Thoughts on Children & Separation

By June 2, 2013 November 24th, 2014 Children, General, Relationships

In the beginning of relationships we communicate more openly, we tend to share our dreams and ideals for life. We are interested in what our partner thinks and feels and we are motivated to work together to bring each other’s dreams to reality. Sometimes it seems as life gets busy we communicate less, we spend less time focused on us and what’s working and more time complaining about what is missing or not working. The commitment the couple made to each other seems to take the back burner to children, work and other external demands. Not always, but half the time the marriage does not survive.

No one has died but it feels like someone must have. When we marry few do it with the intention of dissolving the partnership. Most people have their dreams and lifelong goals tied to that marriage. When the marriage ends, for whatever the reason, there is a death of the plan; the life plan that was cocreated from the beginning.

The end of a marriage is hard on everyone even if it is seen as a ’good’ thing. Often there are in-laws and friends that are lost or minimally the roles are redefined. The break up may even involve needing to change dentists or family doctors or can result in financial hardships. Or, worse yet, what happens if there are children involved?

Intellectually, most parents I see can admit that mothers and fathers are important people in their children’s lives. They most often would say that the alternate parent is a good parent even though they may not acknowledge their former partner as a good partner. Most parents feel horribly guilty that the end of their marriage resulted in their children being shared and moved from house to house on a regular basis. The guilt often results in the adults being more indulgent with their children than they might have otherwise been.

Parents often tend to put their children in the middle of their adult relationship. The children become the messengers communicating from one adult to the other. Sadly, this typically results in the children resenting the parents and in the children feeling unsafe. Parents need to communicate with each other and unfortunately, depending on the reasons for the break up they may not feel as though they can. Fighting in front of the children is never a good idea. Belittling or putting either parent down in front of the children is also a very bad idea not just between parents but from other well-intended or frustrated adults. Families and individuals need to heal the hurt that resulted both from the marriage and from the fall out of the break up. Ironically, in communicating with your ex you need to learn some of the skills that might have kept the marriage alive.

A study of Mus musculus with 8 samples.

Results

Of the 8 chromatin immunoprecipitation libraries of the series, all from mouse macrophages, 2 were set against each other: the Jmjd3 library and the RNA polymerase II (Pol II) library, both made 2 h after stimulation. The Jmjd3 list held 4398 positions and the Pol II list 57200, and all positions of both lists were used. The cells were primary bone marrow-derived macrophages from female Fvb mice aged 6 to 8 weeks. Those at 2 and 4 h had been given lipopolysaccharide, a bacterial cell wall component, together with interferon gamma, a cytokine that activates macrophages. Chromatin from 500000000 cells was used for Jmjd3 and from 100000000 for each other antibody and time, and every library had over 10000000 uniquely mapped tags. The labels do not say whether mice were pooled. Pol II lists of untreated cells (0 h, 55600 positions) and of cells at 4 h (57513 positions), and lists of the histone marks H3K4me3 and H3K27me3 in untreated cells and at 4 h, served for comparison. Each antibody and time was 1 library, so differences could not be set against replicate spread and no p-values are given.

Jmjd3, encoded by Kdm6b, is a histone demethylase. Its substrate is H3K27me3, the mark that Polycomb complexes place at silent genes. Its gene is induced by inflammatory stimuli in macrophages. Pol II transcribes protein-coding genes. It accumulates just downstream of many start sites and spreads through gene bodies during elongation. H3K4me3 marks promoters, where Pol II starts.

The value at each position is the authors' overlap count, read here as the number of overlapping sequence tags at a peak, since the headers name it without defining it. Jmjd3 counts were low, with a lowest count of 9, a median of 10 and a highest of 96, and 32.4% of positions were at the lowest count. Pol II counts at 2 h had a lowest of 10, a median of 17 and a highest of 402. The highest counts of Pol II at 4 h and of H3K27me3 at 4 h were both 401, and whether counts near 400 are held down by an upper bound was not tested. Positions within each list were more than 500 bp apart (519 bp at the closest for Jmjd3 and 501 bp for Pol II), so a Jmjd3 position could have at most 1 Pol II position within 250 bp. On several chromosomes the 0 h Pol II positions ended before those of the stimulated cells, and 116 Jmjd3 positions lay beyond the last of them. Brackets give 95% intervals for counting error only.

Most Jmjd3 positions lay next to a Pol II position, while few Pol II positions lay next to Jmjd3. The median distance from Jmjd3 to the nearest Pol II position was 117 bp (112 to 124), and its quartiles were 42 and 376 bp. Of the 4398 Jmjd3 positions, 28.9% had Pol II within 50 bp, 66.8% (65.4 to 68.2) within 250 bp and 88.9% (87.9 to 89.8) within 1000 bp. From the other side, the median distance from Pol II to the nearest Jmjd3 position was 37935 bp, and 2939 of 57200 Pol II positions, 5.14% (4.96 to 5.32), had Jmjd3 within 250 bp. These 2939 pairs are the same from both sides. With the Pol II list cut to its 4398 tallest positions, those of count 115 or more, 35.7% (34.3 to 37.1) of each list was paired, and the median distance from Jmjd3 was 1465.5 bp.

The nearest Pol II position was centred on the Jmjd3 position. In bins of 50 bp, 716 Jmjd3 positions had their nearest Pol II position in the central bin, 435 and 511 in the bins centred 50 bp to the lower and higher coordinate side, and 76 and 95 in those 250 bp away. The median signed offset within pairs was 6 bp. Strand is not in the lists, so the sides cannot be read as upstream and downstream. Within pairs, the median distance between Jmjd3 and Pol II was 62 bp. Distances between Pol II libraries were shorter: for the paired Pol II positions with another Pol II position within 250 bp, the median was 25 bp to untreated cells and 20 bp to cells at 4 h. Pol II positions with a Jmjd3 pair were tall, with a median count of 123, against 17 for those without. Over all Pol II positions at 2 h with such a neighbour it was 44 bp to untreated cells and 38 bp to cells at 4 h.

What happens when one of you gets a new partner? What if that new partner was the person who was involved in an affair as the marriage ended? I hope at this point you are starting to feel and see the complexity. I think we need to remember that no one is more excited about your new partner than you are. Expecting your children to be as excited as you is likely too much to expect.

Separation and the blending of families needs far more consideration than it is typically given. The primary relationship between the children and their parent must be respected even if the ex is not.

A step-parent cannot take the place of a parent. Obviously, the ages of the children involved is an important consideration and helps to determine the developmentally appropriate approach. If you are feeling ‘done’ seek professional advice to work to provide the best long-term outcome for your children. Ultimately a happy parent is typically a better parent.

Author Carol Shirley

Carol successfully counsels adults, adolescents, families in a wide range of areas including anxiety, depression, grief, loss and adjustment issues. Carol is experienced in facilitating behavioral changes in children and adolescents, reducing sibling rivalry, enhancing low self-esteem and finding alternatives to aggressive or acting-out behavior. Carol also helps both children and parents cope with the turmoil of divorce, the challenge of single parenting and softening the turmoil associated with moving to a new home or community. Carols works with parents who are seeking to improve the communication, conflict resolution and/or discipline skills. Through all of this, her gentle, accepting and sensitive manner helps make the learning and counselling process feel safe. Carol is skilled in workshops or topics such as anxiety, depression, grief/loss, learning disabilities, assertiveness, and stress reduction both generally and in the workplace. Carol is experienced in conducting, analyzing and utilizing psycho-educational aptitude and educational tests. Her work often goes beyond merely identifying attitude or achievement levels as Carol’s findings determine the manner in which the student most readily takes in and processes information. By identifying this, Carol can then help students, parents and educators to construct an efficient approach that enhances the student’s educational achievement by custom- building a strategy and approach that maximizes learning success. Whenever appropriate, Carol is comfortable going to the school and directly communicating her findings to the teachers and resource teacher. Furthermore, her availability doesn’t end when the assessment and meetings are completed. As the year progresses, Carol can serve as an advocate for the student and bridge any misunderstanding between parent, teacher and student. This follow-through is critically important to minimize the chance of misunderstanding, labeling, frustration, acting-out behavior and ultimately long-term failure and deeply entrenched negative self-esteem.